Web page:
Breaking the Cycle

I’ve always been interested in running and looked up to friends who’ve trained for marathons or go running all the time. Running is great because it’s really easy to fit into a busy schedule and it leads me to explore new parts of my city (or better yet, a city I’m visiting).

Throughout my life, however, I haven’t been able to run much due to an ongoing series of injuries. In Middle School I absconded from the swim team for a semester to join the track team, but I didn’t end up running much due to excessive heel pain (maybe I was growing too fast). In college I ran on and off – I even racked up 13.3 miles on a training run once – but throughout college I had knee pain that kept me from training in any serious fashion.

This all changed after I started going to physical therapy for my shoulder (I broke my scapula last December). One visit, I asked my physical therapist to take a look at my long-standing knee pain. He diagnosed it as being caused by a tight IT band and showed me how to use a foam roller. Over the course of a few weeks, the foam roller improved my knee pain immensely – to the point where it was no longer an issue when running.

That was this summer. Since then, I’ve started running a lot more (more frequently than I ever have in my life). Through physical therapy and my girlfriend who is part of a running group, I’ve learned a lot of valuable lessons along the way. There was one lesson I learned that I can attribute to the majority of my improvement in running: stop running so much.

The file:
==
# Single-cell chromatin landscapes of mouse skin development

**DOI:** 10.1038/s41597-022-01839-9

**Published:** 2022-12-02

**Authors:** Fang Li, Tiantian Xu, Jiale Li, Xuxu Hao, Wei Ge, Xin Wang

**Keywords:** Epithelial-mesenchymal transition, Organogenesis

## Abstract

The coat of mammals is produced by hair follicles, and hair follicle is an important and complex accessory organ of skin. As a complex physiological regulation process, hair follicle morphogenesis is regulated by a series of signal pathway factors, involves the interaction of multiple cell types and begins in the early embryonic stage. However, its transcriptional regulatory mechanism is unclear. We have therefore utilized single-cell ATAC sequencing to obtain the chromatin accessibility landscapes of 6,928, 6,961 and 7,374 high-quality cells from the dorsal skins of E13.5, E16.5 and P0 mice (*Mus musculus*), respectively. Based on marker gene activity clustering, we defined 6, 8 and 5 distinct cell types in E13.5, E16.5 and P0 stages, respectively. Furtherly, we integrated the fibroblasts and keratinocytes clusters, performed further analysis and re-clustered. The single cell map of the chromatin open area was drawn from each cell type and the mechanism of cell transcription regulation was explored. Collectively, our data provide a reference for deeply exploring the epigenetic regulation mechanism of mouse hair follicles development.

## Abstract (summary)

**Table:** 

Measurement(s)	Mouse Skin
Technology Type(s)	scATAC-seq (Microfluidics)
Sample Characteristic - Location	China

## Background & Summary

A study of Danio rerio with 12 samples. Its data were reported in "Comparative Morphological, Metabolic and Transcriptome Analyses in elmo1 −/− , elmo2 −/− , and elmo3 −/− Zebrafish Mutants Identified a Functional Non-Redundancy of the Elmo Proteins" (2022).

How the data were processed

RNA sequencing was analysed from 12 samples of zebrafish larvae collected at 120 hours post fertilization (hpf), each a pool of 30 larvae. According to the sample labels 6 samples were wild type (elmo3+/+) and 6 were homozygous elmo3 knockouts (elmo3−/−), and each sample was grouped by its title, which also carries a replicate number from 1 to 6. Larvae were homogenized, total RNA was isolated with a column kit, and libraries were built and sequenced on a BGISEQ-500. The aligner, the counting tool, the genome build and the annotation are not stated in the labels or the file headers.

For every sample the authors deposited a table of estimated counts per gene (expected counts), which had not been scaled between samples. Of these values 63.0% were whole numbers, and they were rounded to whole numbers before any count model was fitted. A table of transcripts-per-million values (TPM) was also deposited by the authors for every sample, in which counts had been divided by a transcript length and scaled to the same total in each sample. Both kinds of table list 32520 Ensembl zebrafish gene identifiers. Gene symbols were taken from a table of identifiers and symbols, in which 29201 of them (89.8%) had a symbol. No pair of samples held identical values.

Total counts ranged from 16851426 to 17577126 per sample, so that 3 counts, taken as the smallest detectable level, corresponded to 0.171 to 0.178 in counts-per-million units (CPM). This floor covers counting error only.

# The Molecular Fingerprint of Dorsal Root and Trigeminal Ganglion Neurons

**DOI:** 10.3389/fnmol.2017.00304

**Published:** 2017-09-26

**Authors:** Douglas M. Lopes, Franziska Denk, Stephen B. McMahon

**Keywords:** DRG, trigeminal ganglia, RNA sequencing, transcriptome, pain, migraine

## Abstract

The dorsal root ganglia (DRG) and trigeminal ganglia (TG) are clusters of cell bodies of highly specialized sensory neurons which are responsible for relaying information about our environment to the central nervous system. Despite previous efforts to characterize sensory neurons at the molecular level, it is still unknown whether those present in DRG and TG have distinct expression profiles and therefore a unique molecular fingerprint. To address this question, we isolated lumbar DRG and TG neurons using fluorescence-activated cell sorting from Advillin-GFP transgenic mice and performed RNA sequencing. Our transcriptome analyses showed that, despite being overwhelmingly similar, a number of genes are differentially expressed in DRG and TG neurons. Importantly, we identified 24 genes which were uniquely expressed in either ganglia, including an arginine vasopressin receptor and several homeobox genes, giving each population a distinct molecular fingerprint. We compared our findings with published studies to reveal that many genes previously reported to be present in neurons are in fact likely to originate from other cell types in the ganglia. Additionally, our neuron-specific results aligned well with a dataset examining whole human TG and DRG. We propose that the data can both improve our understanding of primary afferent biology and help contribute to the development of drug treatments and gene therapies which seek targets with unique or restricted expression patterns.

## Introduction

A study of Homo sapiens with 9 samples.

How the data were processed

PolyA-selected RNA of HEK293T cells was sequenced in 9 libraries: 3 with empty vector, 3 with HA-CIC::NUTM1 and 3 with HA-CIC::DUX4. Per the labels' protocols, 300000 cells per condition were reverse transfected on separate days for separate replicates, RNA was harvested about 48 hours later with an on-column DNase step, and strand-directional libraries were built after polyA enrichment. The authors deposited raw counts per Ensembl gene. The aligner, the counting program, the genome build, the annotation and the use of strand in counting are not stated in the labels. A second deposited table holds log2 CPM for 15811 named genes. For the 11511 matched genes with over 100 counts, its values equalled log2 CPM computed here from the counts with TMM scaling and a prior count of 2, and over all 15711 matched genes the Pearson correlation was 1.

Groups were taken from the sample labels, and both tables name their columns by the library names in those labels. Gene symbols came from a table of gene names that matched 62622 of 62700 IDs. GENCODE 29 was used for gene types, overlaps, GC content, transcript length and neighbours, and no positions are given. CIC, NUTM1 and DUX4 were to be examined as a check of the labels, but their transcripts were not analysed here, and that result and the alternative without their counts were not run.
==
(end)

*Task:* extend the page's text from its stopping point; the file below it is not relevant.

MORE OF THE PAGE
For most of my adult life, I followed this cycle:

  1. Think “I haven’t run much recently, I really need to run more.”
  2. Go out for a 6-8 mile run to compensate for my lack of running
  3. Feel terrible afterward
  4. If not injured, Repeat steps 2 to 3 every week or so until injured.
  5. Don’t run for 6 months, feel bad about self
  6. Start over

I learned how to break out of this cycle: Now I never over-exert myself on a run and make sure I never start a run unless I am fully recovered.

I learned that if one runs anything above a 5K without having trained properly, the risk of injury is high. I now only do 5K races and rarely run more than 4 miles on a training run. Lesson learned: Just because I can run 6.2 miles doesn’t mean I should do a 10K race.

Despite running less and exerting less effort on each individual run than before, I am now faster and feel more confident in my running.

It’s hard to get out of the cycle of overtraining, injury, and under-recovery. What I originally thought was a motivation issue was really a knowledge issue.

Lesson learned: Improvement doesn’t come from one-time efforts where I leave everything on the floor. Improvement comes from frequent workouts, focus, and ample recovery.